All patients with persistent asthma require a controller medication. Inhaled corticosteroids (ICS) remain the single most effective therapy. Recently, researchers demonstrated that an intermittent, symptom-based short course of inhaled or oral corticosteroids produced similar increases in morning peak expiratory flow rates compared with daily controller medications (ICS or leukotriene modifiers).9 Daily ICS had a greater impact on inflammatory markers and symptoms but no difference in rate of asthma exacerbations.

For those unable or unwilling to use ICS, leukotriene modifiers/receptor agonists are reasonable.5-7 Long-acting β2-agonists should be added to ICS for those who remain symptomatic despite low-dose ICS therapy. Combination therapy is associated with fewer exacerbations than increasing doses of ICS. Adding a long-acting β2-agonist also decreases nocturnal asthma, improves lung function, and alleviates symptoms.    


In severe persistent asthma, the combination regimen uses high-dose ICS, and other oral agents are added for additional symptom control. Oral glucocorticosteroids are added only when all other agents have failed.5-7 
Other treatment modalities include second-generation antihistamines (H1-antagonists) for patients with allergic rhinitis; immunomodulators (methotrexate, cyclosporine), which can be given in refractory asthma but have a high side-effect profile; and IgE monoclonal antibody. Anti-IgE therapy may be considered as adjunctive therapy for adults with moderate-to-severe asthma who have clear evidence of allergies and elevated serum IgE levels. Use of monoclonal anti-IgE antibodies (omalizumab) is shown to reduce the dose of ICS and, when administered with ICS, result in 15% fewer exacerbations.11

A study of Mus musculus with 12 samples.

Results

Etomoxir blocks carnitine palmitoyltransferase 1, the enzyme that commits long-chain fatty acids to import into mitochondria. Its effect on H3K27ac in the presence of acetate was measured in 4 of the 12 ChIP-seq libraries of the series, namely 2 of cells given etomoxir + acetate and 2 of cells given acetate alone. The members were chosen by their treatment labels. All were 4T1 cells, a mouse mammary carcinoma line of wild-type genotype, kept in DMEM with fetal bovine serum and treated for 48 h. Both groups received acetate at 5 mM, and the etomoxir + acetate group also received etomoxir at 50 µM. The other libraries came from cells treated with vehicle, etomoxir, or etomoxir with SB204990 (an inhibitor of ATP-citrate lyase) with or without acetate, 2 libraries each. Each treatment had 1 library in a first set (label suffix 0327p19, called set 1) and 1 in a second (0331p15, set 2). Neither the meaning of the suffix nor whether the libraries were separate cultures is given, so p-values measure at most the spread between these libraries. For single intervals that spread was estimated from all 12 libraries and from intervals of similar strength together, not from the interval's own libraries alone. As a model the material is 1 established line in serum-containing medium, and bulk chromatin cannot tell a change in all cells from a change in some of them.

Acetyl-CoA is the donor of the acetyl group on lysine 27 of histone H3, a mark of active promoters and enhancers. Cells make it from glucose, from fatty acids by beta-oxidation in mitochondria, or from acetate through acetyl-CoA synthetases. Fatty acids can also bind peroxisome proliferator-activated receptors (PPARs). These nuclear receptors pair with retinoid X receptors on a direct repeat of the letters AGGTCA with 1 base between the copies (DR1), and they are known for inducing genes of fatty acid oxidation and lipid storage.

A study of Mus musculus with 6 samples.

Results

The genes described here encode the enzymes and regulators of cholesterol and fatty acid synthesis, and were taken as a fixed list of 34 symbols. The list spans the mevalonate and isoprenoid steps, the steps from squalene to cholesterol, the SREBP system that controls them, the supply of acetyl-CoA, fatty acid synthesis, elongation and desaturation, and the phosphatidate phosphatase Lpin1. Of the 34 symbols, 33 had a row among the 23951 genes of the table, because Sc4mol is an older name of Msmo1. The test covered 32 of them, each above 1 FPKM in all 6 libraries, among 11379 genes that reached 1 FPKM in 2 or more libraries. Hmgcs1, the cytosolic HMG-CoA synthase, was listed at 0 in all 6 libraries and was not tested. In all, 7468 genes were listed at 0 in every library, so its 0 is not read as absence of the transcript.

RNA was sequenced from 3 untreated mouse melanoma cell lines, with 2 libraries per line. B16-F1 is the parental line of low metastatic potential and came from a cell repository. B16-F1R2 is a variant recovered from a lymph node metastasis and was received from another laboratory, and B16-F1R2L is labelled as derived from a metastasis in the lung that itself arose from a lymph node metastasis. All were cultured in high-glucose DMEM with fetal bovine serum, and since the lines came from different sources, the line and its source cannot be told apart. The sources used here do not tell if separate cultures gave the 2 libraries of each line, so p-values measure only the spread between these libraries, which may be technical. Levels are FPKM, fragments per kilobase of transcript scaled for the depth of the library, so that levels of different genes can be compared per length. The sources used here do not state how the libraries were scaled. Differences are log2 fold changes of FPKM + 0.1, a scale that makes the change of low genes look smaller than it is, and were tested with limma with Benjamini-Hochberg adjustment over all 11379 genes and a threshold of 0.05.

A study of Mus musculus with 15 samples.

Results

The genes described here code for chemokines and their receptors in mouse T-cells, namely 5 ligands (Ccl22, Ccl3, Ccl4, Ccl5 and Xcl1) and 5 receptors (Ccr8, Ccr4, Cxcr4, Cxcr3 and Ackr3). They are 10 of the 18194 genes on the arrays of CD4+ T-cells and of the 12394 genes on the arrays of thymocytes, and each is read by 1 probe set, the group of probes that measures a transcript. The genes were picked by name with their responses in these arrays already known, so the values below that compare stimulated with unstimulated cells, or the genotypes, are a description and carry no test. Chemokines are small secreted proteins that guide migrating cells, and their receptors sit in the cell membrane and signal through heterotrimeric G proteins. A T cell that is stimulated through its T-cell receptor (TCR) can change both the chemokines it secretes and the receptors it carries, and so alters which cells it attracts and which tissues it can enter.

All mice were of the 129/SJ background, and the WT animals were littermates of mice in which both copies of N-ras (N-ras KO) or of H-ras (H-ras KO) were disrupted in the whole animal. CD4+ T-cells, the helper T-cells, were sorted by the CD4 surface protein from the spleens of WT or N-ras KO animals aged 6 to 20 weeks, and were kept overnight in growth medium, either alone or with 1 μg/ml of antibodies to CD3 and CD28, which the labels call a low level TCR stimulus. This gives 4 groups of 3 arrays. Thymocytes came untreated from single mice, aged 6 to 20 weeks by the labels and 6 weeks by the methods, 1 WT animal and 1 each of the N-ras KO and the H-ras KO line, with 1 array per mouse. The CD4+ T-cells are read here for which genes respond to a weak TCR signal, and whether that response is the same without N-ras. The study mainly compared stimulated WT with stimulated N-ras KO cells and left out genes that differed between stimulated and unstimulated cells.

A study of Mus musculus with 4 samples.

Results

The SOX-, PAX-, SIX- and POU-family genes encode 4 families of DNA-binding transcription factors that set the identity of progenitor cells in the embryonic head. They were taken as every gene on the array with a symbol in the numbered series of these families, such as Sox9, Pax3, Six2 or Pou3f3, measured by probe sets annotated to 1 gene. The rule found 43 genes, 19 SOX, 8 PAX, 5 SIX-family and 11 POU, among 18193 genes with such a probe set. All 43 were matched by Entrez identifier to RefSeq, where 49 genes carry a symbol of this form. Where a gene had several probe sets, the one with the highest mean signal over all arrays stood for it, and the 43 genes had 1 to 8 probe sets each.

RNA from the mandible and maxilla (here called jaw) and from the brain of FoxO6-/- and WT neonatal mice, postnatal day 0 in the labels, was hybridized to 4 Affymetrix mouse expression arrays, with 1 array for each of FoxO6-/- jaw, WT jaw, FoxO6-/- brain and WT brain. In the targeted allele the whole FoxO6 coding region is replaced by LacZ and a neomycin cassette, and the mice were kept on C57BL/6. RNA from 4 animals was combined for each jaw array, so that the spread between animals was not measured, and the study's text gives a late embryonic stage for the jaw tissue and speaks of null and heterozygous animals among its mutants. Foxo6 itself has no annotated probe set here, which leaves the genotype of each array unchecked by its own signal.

Future drug therapies are under investigation to prevent Th2 and eosinophil response. They include second-generation theophyllines to target phosphodiesterase subsites (PDE4), anti-Th2 (CD4+) receptors and anti-CD4+ monoclonal antibodies, anticytokine specific drugs and anti-interleukin antibodies, and drugs targeted against transcription regulatory factors. At this time, there still is no defined treatment once airway-wall remodeling has occurred. These new therapies hold promise for arresting the inflammatory response associated with asthma and improved control of symptoms.12


Current therapy for adult-onset asthma is based on severity stratification recommended by the NIH-NAEPP/GINA guidelines. ICS are the mainstay of treatment along with stepwise add-on therapy using long-acting bronchodilators. All patients should have a maintenance and acute exacerbation plan for improved management.

Dr. Hardin is assistant professor of internal medicine, Division of Pulmonary and Critical Care Medicine, University of California, Davis, School of Medicine, Sacramento, Calif., where Dr. Tharratt is professor of clinical medicine and anesthesiology, and Dr. Louie is professor of clinical internal medicine.